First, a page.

Andrew Furst

Ethan Sutton, Staff Writer

Andrew Furst raises his bow. He takes a deep breath, draws back the bow string, steady. Aim. Release. A small click sounds from releasing the string. A whoosh goes by, and a brushing sound emits from the target. A perfect shot. But shot after shot, bullseye after bullseye, Furst started to wear out. Although his shots were deadly on a target, the shots taken at other opportunities seemed to pass by. For the first time in what seems like an eternity, Furst puts down his bow, and pursued his academic interests.
In the midst of the onslaught of college and scholarship applications as a senior, Furst stepped away from his bow and arrows and hit a new target — claiming the podium on the science Sterling Scholar.
Furst is Highland’s Sterling Scholar for science. He has taken intense science classes throughout his course at Highland and is continuing to do so. Being a senior in high school, the stress of trying to squeeze every last penny from scholarships as well as working to get accepted into his first choice college was at times overwhelming. Furst was surprised when he found out he got the nomination.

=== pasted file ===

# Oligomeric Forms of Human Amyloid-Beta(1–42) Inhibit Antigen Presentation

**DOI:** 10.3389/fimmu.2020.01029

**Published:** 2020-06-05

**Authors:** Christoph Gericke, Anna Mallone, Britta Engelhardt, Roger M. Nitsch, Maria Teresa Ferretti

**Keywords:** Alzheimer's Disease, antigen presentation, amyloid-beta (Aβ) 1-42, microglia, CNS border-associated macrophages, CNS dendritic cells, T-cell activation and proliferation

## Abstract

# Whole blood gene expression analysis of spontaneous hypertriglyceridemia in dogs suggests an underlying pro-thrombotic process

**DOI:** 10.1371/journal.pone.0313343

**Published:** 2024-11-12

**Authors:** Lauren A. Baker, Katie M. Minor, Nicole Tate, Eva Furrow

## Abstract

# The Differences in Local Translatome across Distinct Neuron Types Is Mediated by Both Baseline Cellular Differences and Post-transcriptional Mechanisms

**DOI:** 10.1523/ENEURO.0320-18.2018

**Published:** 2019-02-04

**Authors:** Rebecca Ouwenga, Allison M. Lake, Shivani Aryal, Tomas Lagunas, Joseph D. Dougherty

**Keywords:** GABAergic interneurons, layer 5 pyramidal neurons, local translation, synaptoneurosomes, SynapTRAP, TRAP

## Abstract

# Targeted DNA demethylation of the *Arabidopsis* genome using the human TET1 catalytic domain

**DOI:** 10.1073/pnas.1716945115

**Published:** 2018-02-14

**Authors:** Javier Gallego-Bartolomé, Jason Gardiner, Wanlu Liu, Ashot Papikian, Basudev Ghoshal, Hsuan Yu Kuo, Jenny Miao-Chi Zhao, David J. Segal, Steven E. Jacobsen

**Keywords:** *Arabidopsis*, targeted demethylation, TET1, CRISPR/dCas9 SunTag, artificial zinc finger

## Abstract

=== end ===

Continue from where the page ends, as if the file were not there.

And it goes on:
“The first thing I did was call Kat [Schilling],” Furst said. “She also went for a sterling scholar, so I wanted to let her know.”
He was very proud to report that he alongside some of his companions have achieved an amazing opportunity.
When Furst revealed the news to his family, they were very proud of him.
“They took me out to dinner. But let’s be honest, I just wanted sushi,” Furst said jokingly.
Outside of school, Furst likes to rock climb and work.
“I used to do Archery,” Furst explained, “but then school and college apps took over, and I started to get burnt out.”
In his earlier years, Furst was a competitive archer who shot plenty of arrows daily to try and sharpen his skills. However, the pressure of school and other stressors have driven him to temporarily retire from his hobby.
Furst has recently been accepted into the University of California, Santa Barbara and plans to attend the college in the fall.
“Being a senior is weird,” Furst said. “You want to get through high school but once you leave you have to go to college and then you don’t know what to do again.”